Ethics is a burning issue in museums at the moment. The need for ethical behaviour – for museums to behave professionally and properly – has always been here, but as public funding shrinks then many museums are seeking to increase their income from a variety of sources, and this is bringing new ethical dilemmas, which can be very difficult to resolve.
In the end, no decision will please everybody, and museum ethics is at risk of largely being reduced to a numbers game – how many people are for or against the public display of human remains (such as in World Museum’s new ancient Egyptian Gallery)?
And, is there an age of human remains that makes it acceptable that they be displayed publicly? How many people are for or against the repatriation of items acquired from British overseas colonies in circumstances that might be perceived today as illegal or immoral? How many people are for or against the selling of museum collections if the proceeds are then invested to the benefit of the museum?
Then there is the issue of commercial sponsorship: which companies should museums accept money from, and what is expected in return? Are there companies whose behaviour means that museums should not deal with them, or take money from them? Many people believe it to be wrong that museums should take money from companies that operate in the fossil fuels industry: the ‘rightness’ or ‘wrongness’ of this depends upon a person’s views about the industry. In which companies is it ethical to invest, and which ones should be avoided? Are there political parties or companies to which NML should not hire out our premises?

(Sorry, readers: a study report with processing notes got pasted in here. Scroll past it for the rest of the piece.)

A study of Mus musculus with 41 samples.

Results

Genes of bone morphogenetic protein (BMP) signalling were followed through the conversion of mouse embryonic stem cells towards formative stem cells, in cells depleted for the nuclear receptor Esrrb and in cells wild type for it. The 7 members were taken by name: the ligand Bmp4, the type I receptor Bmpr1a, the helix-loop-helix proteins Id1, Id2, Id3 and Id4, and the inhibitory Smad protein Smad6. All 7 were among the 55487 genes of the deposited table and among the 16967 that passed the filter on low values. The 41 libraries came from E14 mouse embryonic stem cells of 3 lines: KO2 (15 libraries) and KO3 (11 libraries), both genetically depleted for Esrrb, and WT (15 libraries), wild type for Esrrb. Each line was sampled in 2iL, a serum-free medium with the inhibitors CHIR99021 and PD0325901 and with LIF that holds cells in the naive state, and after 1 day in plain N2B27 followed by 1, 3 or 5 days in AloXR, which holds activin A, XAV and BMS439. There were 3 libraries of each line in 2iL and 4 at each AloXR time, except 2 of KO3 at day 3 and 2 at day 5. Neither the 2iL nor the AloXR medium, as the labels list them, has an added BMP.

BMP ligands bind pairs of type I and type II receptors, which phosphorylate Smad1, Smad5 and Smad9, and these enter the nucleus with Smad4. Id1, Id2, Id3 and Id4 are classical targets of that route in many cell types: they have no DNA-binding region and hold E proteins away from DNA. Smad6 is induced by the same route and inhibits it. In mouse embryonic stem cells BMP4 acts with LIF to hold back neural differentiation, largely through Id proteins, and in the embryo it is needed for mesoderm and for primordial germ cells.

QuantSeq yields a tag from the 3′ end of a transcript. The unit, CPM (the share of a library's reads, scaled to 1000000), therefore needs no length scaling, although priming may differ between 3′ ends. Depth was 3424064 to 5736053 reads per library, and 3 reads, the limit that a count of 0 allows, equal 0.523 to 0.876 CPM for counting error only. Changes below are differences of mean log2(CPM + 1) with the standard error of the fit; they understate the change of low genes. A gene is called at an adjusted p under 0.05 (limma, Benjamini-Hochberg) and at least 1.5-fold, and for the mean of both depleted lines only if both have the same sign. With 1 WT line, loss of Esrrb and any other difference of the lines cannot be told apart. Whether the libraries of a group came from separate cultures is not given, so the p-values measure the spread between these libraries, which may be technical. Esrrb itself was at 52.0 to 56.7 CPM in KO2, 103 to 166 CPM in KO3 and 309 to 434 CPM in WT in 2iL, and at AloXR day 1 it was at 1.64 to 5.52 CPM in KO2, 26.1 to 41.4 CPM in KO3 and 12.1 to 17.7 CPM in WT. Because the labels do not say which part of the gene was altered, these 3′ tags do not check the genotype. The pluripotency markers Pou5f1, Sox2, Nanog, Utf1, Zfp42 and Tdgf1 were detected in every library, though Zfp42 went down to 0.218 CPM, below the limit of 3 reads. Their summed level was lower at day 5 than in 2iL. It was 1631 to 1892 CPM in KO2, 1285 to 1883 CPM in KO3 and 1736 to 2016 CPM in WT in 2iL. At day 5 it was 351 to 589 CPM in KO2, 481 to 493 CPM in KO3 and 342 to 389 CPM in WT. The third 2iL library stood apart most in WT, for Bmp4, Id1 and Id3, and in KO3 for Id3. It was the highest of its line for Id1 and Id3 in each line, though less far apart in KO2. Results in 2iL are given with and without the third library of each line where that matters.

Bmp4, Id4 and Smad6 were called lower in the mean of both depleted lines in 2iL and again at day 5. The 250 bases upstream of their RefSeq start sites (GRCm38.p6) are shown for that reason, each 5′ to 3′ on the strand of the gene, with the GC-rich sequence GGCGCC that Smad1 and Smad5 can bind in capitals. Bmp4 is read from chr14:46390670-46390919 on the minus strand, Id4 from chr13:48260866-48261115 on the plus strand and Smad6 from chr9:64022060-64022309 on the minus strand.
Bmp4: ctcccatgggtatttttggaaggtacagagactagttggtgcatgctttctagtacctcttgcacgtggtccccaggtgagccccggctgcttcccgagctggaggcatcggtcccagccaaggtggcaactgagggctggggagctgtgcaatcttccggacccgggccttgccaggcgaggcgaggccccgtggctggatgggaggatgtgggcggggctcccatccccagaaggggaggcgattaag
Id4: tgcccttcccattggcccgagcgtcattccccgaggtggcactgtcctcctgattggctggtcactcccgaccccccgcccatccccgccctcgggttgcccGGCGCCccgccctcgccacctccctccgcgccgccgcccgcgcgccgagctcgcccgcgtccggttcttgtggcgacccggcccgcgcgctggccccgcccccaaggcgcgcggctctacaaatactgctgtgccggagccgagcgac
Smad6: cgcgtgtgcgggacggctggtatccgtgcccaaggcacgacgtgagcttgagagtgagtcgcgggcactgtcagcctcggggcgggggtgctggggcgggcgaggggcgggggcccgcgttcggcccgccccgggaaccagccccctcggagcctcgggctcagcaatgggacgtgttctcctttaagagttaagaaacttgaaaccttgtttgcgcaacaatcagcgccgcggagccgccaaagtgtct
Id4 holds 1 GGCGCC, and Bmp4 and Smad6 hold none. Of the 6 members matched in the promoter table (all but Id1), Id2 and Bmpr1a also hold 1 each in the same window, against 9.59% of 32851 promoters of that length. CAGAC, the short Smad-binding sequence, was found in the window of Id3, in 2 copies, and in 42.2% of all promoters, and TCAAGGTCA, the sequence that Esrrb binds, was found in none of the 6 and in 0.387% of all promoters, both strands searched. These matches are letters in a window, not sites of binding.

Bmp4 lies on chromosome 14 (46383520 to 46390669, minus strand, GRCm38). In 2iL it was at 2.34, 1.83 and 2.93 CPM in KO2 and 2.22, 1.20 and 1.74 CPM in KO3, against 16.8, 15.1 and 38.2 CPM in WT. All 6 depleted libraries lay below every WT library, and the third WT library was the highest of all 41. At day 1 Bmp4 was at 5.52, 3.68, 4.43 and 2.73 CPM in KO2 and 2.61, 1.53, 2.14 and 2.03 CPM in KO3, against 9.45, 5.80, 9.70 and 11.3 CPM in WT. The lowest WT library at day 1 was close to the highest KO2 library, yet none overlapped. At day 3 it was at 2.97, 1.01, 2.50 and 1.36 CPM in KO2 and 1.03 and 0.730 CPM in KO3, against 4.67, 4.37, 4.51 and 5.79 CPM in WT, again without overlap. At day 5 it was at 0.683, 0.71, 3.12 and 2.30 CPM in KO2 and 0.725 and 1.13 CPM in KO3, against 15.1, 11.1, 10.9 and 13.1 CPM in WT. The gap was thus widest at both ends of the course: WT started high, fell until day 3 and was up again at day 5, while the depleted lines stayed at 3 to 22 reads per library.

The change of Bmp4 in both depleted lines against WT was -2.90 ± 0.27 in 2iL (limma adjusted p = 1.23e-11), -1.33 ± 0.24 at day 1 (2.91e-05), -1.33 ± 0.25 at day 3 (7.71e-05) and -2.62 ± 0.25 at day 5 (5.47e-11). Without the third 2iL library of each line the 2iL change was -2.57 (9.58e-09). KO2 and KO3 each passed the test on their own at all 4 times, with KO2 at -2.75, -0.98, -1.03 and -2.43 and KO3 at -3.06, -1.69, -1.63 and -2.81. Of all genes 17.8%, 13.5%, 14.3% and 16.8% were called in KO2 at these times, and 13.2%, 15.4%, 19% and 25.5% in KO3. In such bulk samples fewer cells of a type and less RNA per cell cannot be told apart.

And yet, in a democracy that elects governments which are committed to reducing public spending (as has been the case for a number of years in the UK), it is becoming increasingly important that public services like museums are able to find funding in order to keep their services in being, and every pound in income means someone’s job is better protected. Every time an opportunity for earning income is not taken then the quality of the public service is risked.
One thing is for sure, ethical matters are fraught with difficulty, and behaving ethically is never straightforward!
Note: NML has a staff Ethics Committee, the task of which is to advise the Executive Team on ethical matters. In turn the ET advises NML Trustees. I am a member of ETHCOM, ICOM’s Ethics Committee, and a former member (and Chairman) of the UK Museums Association’s Ethics Committee.
Further reading includes –
Sally Yerkovich, A Practical Guide to Museum Ethics, pub. Rowman and Littlefield, 2016
Janet Marstine (editor), The Routledge Companion to Museum Ethics, pub. Routledge, 2011
Bernice Murphy (editor), Museums, Ethics and Cultural Heritage, pub. Routledge, 2016.